When Horsham's Pankaj Maharjan was growing up in Nepal he never imagined he would end up as a research scientist.
"That would have been an aspirational goal then ... life in Kathmandu was very different compared to here," Dr Maharjan said.
He moved from Nepal to Australia when he was 21 to pursue an education in science and now works for Agriculture Victoria analysing wheat, pulses and oilseeds at the Grains Innovation Park in Horsham.
In 2000, Dr Maharjan received an AusAID scholarship to study Food Science and Technology at RMIT University, where he discovered his passion for research.
"There were many ups and downs along the way, but I thoroughly enjoyed the journey," he said.
"I completed my very first international journal paper which laid the foundation for my research career."
Mr Maharjan returned to Nepal in December 2003 and worked as a quality control officer for Gorkha Brewery - the country's largest beer company and a subsidiary of the Carlsberg brewery giant.
In 2006, he received a PhD scholarship from Monash University and The Commonwealth Scientific and Industrial Research Organisation.
"The project involved developing smart polymers for the by-product of cheese manufacturing," Dr Maharjan said.
"The discovery led to a worldwide patent with CSIRO and Monash University. By the end of my studies, all I wanted to be was a research scientist."
As a research scientist, Dr Maharjan has co-authored 10 peer-reviewed journal papers and he said they were his proudest achievements.
"Journal papers are like medals for scientist ... but advancing science is what matters to us the most," he said.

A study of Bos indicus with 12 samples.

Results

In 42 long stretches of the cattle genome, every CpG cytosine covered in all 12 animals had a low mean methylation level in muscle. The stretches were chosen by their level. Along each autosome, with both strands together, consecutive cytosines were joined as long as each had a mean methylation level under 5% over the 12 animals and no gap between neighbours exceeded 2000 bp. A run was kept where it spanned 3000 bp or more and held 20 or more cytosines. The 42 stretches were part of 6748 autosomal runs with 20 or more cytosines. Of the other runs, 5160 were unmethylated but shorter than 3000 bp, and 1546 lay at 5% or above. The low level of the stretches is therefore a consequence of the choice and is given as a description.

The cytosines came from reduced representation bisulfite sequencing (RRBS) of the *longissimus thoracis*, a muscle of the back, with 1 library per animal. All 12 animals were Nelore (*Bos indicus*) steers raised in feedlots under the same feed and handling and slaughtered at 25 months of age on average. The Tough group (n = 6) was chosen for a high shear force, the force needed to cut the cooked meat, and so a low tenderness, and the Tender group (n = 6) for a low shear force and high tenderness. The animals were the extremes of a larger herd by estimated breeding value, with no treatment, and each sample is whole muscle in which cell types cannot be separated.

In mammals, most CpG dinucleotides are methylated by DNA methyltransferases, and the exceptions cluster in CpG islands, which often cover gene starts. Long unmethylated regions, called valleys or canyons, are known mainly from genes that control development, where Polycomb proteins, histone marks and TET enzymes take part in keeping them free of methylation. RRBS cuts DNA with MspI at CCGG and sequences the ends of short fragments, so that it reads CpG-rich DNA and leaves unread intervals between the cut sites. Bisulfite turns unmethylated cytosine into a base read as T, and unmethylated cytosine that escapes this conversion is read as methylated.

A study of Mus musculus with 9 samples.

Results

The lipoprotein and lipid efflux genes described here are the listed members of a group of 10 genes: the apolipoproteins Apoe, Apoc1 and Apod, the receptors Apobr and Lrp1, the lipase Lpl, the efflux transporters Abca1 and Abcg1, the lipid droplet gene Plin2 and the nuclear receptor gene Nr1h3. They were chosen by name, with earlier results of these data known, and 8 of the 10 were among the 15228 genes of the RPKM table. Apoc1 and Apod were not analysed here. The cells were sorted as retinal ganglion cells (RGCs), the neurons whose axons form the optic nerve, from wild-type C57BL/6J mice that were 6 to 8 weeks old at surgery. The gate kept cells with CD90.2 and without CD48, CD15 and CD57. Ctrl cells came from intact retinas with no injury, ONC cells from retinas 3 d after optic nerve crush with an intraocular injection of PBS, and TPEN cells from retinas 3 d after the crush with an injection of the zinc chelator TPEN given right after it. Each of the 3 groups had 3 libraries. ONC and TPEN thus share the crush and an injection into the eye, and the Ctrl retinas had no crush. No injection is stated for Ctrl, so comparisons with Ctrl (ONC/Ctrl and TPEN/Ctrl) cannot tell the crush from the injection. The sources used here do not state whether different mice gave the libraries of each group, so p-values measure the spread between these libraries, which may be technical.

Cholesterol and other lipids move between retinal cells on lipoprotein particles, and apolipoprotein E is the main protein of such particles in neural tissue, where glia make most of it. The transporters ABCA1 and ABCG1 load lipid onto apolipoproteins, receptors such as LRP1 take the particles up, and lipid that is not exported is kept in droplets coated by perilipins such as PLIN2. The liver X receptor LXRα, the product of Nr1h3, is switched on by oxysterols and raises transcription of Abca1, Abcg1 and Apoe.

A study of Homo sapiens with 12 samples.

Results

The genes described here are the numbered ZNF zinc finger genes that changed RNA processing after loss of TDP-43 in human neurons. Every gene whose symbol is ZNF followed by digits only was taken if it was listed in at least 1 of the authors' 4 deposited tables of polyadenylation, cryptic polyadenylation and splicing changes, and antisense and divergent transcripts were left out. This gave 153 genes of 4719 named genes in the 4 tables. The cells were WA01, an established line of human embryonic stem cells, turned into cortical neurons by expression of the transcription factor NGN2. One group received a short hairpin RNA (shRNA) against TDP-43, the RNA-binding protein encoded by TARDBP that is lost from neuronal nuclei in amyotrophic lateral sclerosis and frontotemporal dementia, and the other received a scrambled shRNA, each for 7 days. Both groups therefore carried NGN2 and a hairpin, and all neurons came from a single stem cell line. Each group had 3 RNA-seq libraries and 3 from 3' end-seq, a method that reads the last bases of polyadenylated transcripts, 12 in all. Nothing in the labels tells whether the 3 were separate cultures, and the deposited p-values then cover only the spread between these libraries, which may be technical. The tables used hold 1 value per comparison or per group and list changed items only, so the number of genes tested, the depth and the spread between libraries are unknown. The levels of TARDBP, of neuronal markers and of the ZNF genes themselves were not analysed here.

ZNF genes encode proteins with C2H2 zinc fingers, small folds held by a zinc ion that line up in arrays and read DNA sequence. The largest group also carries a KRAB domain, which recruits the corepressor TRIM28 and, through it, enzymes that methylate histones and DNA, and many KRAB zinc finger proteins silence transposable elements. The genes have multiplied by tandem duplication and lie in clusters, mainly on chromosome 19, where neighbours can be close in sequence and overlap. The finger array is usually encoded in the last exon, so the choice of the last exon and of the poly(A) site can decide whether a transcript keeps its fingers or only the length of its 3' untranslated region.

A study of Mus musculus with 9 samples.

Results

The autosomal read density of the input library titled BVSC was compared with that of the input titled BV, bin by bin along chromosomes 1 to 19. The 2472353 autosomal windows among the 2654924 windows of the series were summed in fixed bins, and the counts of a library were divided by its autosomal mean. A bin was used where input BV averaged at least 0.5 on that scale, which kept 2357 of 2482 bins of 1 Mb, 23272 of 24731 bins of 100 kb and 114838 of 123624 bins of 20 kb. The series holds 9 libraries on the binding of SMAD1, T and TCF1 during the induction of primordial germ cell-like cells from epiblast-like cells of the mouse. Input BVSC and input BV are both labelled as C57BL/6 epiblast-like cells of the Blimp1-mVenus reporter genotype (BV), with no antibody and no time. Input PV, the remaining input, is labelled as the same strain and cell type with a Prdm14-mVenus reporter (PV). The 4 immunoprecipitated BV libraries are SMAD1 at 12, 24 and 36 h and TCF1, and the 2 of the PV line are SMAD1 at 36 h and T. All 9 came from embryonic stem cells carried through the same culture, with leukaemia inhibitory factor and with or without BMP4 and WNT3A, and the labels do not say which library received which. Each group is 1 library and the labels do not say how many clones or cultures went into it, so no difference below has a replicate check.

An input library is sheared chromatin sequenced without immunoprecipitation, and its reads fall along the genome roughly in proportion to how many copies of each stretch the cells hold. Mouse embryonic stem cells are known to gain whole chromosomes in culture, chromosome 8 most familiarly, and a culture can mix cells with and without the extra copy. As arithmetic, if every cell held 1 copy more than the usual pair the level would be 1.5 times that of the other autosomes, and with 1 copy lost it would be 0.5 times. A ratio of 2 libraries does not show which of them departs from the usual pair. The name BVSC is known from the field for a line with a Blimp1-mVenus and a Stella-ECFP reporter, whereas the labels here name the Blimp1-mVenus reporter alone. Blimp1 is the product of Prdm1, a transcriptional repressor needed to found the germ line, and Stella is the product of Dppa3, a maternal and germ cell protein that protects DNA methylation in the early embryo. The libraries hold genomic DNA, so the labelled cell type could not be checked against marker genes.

In July 2012, Dr Maharjan moved from Melbourne to Horsham to work for Agriculture Victoria in their Seed Phenomics and Quality Traits group.
"I joined Dr Joe Panozzo's team and it was one of the happiest days of my life," he said.
"Our group tests wheat, pulses and oilseed samples to analyse the composition which determines the quality and makes sure they meet the grain market's required standards.
"The standards are important because the grain is used for a wide range of products including breads, biscuits, speciality oils and for foods where lentil, chickpeas, faba beans are the core ingredient."
Mr Maharjan said he has been more relaxed since moving from Melbourne to Horsham.
"Working in the country is great for work-life balance," he said. "I don't miss the traffic, I am home from work in five minutes."
Dr Maharjan's wife Sushma Maharjan works as a nurse at the Wimmera Base Hospital and they are "proud parents" to their sons - six-year-old Arhant and three-year-old Sarthak.
"My family was supposed to go to Nepal in September for my parents-in-law's 50th wedding anniversary, but now we can't due to the COVID-19 travel restrictions," he said. "Next year is my parent's 50th anniversary, so hopefully I can go over then and celebrate both."
Dr Maharjan said COVID-19 had changed hygiene and social practices within his workplace but he was grateful to be still working.
"I have to operate instruments which I can't do at home, so I am still going into work," he said.
"In the past three years, I have been given a wonderful opportunity to work with various commodities. I am forever thankful to Dr Panozzo for all the support and guidance he has given me. I never get Mondayitis because the working environment is amazing, and my colleagues in the lab are like my second family."